No teenage tearaways at this town hall ball for the young
- Credit: Archant
IT was no surprise when confirmation came that not every youngster in Great Yarmouth and Gorleston received an invitation to a civic juvenile fancy dress ball at the Town Hall in 1889, the subject of a recent column.
I had assumed correctly that the young guests were from middle-class families and excluded ragamuffins, delinquents, tearaways and teenage troublemakers.
I mean, it was not like a present-day disco where you just wiggle and gyrate to the thumping beat beneath flashing lights: it was a ball, and His Worship Frederick Danby Palmer and his advisers undoubtedly expected his youthful guests, all aged six to 15, to have some social graces and at least a smidgeon of terpsichorean talent.
Besides, the prospect of wearing fancy dress might well have been off-putting to any young roughs who found themselves invited through a clerical error.
Regular correspondent Paul Godfrey, a former Gorlestonian now resident in Lowestoft, writes: “As you say in your article, not every young Yarmouth citizen was invited and the guest list did not include any poor children from the workhouse. Quite the opposite.
They include: “Miss L Mays and Miss E Mays dressed as French peasants: Louise Mays was 11 and Elsie Mays nine, the daughters of Dr Alfred and Mrs Eleanor Mays, of Alexandra Road.
“Reginald Pearson (matador), 14-year-old son of Charles Pearson, manager of the London and Provincial Bank, Hall Quay, and Mrs Helen Pearson.
“Emily Miller, 13 (Buy-a-Broom), Alice Miller, nine (Vivandiere), daughters of the late Wallace Miller and Mrs Elizabeth Miller, proprietors of Miller’s Photographic Studio.
“Harry Johnson, 13 (jester), Ernest Johnson, nine (Dick Whittington), Bertha Johnson, seven (Dolly Varden), Emma Johnson, 11 (Night) - children of Frederick James Budds Johnson, a manufacturer, and Mary Jane Johnson, of Marine Parade.
“Ethel Press, 13 (Winter), daughter of Mr B H Press, miller and merchant, and Mrs A C Press, of High Mill Road.
“Hilda Lovewell Blake, 14 (shepherdess) and sister Nora, 12 (Dutch girl) - daughters of chartered accountant Lovewell Blake and Mary Blake, of Hemsby Road, Ormesby...”
Paul adds: “I had to look up what a ‘Vivandiere’ was (a French word for women attached to military regiments who sold refreshments or ran canteens), but ‘Buy a Broom’ appears to be based on a popular song of the time.”
In that previous column I speculated on the physical condition of the Town Hall at the time of the juvenile ball because it suffered severe subsidence in 1887 (five years after it was built) and had to be underpinned till remedial work was undertaken. Was it still not fully restored but no longer dangerous when the fancy dress ball was held?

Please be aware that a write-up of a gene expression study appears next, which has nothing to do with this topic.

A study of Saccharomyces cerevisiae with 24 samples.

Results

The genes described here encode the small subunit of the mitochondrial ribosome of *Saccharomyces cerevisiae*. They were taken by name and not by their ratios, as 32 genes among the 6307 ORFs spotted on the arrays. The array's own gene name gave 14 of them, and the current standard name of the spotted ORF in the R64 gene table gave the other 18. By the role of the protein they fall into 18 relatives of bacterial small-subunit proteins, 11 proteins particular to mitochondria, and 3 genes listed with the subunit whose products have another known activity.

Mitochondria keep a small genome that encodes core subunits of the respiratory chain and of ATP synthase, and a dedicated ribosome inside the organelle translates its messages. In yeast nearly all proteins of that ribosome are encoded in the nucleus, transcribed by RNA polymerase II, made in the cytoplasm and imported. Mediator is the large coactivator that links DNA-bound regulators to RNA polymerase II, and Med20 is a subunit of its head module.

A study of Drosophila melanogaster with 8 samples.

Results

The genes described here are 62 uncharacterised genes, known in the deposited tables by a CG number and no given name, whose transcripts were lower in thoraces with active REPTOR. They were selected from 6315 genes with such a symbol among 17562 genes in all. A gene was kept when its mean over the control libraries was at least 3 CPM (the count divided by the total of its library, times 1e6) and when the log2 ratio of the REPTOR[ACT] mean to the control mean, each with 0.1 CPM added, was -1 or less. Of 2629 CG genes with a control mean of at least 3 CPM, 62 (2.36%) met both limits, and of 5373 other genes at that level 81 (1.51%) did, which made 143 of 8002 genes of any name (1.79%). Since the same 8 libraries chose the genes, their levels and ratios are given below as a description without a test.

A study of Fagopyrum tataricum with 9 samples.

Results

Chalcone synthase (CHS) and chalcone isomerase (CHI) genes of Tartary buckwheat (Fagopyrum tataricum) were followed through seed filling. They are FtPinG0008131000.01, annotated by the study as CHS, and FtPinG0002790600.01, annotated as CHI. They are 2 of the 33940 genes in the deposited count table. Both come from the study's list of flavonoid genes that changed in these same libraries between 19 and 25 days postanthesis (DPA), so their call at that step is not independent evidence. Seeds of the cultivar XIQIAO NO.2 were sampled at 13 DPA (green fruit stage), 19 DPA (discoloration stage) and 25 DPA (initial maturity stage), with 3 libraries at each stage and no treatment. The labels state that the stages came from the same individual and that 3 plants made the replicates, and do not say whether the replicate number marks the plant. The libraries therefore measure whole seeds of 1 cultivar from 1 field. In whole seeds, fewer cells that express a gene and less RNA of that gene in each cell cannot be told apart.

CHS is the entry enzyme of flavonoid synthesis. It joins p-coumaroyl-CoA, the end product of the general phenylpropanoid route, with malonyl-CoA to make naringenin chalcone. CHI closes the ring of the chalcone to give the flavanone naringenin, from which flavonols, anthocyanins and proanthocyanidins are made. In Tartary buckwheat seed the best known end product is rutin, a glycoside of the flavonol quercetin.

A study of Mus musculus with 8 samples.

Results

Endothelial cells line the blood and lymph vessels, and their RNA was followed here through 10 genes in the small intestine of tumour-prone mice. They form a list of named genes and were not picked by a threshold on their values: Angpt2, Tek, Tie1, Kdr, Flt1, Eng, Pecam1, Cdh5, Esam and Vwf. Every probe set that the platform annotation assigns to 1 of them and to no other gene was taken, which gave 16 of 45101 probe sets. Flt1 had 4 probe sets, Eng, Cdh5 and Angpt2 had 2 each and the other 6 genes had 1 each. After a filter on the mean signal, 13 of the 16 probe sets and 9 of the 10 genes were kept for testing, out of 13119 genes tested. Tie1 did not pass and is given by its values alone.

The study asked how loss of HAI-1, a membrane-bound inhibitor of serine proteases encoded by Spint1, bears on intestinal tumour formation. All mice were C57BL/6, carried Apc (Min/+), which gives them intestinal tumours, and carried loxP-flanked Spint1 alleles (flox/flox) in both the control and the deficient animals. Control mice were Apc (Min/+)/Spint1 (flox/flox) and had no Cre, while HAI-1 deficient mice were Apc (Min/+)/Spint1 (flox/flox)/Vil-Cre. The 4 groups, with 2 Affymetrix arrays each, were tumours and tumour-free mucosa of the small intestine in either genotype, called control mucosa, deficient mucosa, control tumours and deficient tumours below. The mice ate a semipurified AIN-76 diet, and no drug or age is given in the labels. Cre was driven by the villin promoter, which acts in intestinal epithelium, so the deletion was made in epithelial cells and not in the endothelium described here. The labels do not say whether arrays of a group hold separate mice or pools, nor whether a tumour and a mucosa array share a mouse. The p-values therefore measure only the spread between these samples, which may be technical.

However, local historian and author Colin Tooke assures me: “The Town Hall was underpinned in 1887 and 1888; this ball must have been immediately after that.” He sent me the photograph on this page showing the assembly room as it looked during the works, proof that it would have been impossible to hold any function there.
Harry Johnson was, I assume, the man who gave his name to Johnson’s Rooms in Northgate Street, at one time (if not still) the St John Ambulance Brigade area headquarters. He became a local historian and author, his topics including the origin of the borough coat-of-arms (three lion fronts, three herring tails) – by coincidence a subject of which I was recently reminded by John Clarke, an ex-Yarmouthian long resident in Dorset.
“Our first charter was granted by King John in 1208. This is the most treasured of all the 25 charters granted to the borough,” wrote Harry Johnson. “The half lions and half herrings...invariably arouse curiousity. The ancient arms were originally three herrings; later the Royal arms were included.
“These were dimidiated (split in two) in the reign of Edward III by special favour in acknowledgement of the town’s special services in the French wars. The motto, Rex et Nostra Jura (the King and our Liberties), was something the burgesses zealously maintained.”
Back to Poole resident John Clarke who asks: “When I was at the Greenacre School in 1948, a common pastime was to go ‘stanicling’ in the dyke on Caister Road, taking a jam jar on a bit of string, of course.
“I cannot locate the word ‘stanicle’ anywhere. It was a small fish, possibly a stickleback to most folks. Do you have any comment?”
Peter Allard, of Mallard Way, Bradwell, scoured Yarmouth naturalist and writer Arthur Patterson’s book Nature in Eastern Norfolk (1905), finding the following passage: “The three-spined stickleback is common and abundant and is known locally as the stanickle. The ten-spined stickleback is known as a sweep or tinker, and the 15-spined stickleback is a saw-back.”
John Clarke, recalling the German airship that had Yarmouth in its sights in the 1914-18 war, says: “My father, born in 1903, actually saw the Zeppelin fly along the coast with all lights blazing since we had nothing to shoot it down. He found it a magnificent sight.
“He was born in 1903 so may have been 14 or 15 at the time, before becoming an apprentice plumber.” Fully qualified, he was in the Fire Service and during the blitz in the last war was seconded to London on an exchange to give Cockney firemen some relief.
“When they met up again, the cockneys were pleased to be back to the smoke. They thought it much safer than Yarmouth!” adds John.